A marathon-training Denver mom’s body-image breakthrough
While I was recently plugging along on an 18-mile training run, I played a lot of mind games with myself to help push me through. I’ve done this a lot since I started running six or seven years ago, and it’s one of my favorite things to talk about with other runners. In part, because I like to gather new ideas for future runs but also because sometimes it makes me laugh:
-”If you make it to that tree, you can walk a bit”, “If you make it to that lamppost, you can walk a bit” etc….
-While doing loops, I threaten the road I’m headed towards: “Alright Broadway, I’m coming for you” or if there is a particularly difficult hill: “You think you’re better than me?”
-My absolute favorite from a friend: “Speed Limit 35? Woah, you better slow down buddy, or you’ll get a ticket!”
-This morning I included a local trail as part of my course and as the sun was coming up, found myself running through clusters of sunflowers. They were all facing the rising sun behind me, waiting to greet it and I pretended they had been waiting to say hello to me, so I waved.
I’ve tried similar mind tricks when it comes to accepting my post baby body:
-I imagine myself on my death bed, thinking about my life as a whole. If in that moment, I decide over 50 percent of my life was spent worrying about my body I’m going to be seriously pissed at myself. I know I am.
-I try and picture my 5-year-old daughter as a teenager. I know her best ammo against the “skinny agenda” will be the messages she gets at home. I’m determined to embody the “everyone is different and beautiful in their own way” and “some people have a baby and their stomach flattens out again, and some people’s stomachs just stay stretched out” agenda. Man, that’s easier said than done sometimes though.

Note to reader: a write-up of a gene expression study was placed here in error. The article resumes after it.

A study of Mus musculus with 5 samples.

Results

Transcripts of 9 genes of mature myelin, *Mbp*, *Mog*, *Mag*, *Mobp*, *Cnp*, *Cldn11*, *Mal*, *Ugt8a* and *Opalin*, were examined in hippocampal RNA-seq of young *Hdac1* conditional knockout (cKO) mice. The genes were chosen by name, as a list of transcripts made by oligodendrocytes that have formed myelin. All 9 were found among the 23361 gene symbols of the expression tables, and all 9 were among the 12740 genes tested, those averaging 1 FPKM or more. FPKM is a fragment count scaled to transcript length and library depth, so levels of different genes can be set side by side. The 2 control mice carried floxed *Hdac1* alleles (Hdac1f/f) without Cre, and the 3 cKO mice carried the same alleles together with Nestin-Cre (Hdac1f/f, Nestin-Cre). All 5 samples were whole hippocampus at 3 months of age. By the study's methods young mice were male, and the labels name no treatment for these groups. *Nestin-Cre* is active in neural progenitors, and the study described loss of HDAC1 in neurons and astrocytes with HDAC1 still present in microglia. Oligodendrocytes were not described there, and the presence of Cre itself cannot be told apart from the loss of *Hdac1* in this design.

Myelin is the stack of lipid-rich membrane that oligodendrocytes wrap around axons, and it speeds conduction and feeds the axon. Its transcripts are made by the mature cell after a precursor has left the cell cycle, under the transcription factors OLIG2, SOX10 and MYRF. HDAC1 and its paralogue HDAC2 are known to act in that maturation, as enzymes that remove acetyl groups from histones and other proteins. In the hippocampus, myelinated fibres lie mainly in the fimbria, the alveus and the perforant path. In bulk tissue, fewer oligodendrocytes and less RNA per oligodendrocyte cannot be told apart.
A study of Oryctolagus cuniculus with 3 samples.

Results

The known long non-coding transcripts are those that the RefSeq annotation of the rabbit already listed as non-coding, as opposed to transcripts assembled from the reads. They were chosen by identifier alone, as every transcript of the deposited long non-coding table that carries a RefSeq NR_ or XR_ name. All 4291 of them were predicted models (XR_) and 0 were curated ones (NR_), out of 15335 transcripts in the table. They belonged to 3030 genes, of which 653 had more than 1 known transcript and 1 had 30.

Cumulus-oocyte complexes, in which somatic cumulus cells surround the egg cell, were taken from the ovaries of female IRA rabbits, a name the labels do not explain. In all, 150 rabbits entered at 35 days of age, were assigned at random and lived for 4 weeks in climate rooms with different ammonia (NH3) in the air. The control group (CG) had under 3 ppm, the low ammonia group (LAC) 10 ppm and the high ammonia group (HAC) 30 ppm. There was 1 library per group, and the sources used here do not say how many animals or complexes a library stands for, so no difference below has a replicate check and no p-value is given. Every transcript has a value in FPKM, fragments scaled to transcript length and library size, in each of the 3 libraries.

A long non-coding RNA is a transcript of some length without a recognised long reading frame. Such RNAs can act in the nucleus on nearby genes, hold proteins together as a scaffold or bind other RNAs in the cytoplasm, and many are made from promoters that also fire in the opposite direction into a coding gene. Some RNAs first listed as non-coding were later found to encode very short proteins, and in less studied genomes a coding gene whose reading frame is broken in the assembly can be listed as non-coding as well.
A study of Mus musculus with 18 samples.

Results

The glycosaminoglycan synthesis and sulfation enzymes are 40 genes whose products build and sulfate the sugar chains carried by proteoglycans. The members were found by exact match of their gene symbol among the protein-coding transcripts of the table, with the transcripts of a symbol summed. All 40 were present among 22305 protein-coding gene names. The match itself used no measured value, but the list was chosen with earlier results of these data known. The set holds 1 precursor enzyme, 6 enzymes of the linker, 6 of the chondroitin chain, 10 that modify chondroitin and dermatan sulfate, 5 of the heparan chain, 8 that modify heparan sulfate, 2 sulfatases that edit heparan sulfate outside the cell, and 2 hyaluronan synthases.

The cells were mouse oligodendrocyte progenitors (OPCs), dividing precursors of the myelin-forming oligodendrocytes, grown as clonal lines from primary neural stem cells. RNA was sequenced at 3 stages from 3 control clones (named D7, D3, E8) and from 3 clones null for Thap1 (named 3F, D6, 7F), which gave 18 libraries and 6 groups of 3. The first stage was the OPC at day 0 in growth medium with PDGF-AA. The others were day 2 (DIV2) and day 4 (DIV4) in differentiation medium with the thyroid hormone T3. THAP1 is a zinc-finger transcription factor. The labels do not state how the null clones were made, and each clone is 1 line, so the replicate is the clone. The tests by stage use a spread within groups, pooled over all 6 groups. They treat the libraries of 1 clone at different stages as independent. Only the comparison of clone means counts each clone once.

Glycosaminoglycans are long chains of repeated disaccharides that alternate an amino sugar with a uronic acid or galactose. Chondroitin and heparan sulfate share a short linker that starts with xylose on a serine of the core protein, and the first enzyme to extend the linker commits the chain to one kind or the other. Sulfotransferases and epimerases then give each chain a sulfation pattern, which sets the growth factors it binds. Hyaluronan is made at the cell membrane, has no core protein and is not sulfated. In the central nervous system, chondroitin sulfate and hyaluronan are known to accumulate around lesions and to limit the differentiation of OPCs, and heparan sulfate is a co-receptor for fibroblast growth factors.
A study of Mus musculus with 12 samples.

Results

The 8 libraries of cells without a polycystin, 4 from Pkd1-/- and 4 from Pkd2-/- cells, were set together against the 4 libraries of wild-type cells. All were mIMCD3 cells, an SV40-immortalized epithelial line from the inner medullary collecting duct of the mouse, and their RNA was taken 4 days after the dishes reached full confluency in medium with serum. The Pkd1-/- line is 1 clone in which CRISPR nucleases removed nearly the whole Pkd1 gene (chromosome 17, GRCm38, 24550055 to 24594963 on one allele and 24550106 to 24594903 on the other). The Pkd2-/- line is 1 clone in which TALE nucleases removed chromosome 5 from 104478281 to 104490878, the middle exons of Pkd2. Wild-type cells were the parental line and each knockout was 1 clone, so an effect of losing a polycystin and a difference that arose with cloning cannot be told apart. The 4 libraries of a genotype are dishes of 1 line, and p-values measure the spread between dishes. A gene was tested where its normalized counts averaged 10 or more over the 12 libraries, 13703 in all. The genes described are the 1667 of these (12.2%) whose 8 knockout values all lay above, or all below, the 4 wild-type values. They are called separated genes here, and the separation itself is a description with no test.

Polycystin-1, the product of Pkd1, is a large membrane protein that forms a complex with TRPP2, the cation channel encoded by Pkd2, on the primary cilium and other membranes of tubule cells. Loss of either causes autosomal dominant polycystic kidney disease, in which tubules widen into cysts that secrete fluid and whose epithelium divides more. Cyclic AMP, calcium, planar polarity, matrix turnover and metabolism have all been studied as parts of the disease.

So, as I was getting ready for the day ahead after my run and still in visualization mode, I took a moment to look at myself in the mirror before getting dressed. I looked at my belly and didn’t let myself look away. I looked and looked…. I don’t know where the thought came from, but I started to imagine my body as an under-appreciated partner in a relationship.
I imagined it saying: “I’m allowing you to live a full, healthy life. I grew the children you adore. You used to smoke, drink and take drugs and I stuck around and stayed strong. You are 36 years old and you don’t have back or knee problems. I withstood 18 MILES this morning, and you STILL don’t find me beautiful? Come ON wake up! What more do you want from me?”
I was shocked at the clarity and truthfulness of my next thought: “I’m sorry, you’re right–thank you. Thank you. Oh my gosh, THANK YOU!!”
Sarah Stith lives in Boulder with her husband and 2 children (2.5 and 5.5) while her husband attends grad school. Before moving to Colorado, the family lived in Brooklyn, NY where Sarah worked as a dresser at The Lion King on Broadway. She now works from home and manages to find time between diaper changes to build her organization, “Raising Little Heroes” (http://raisinglittleheroes.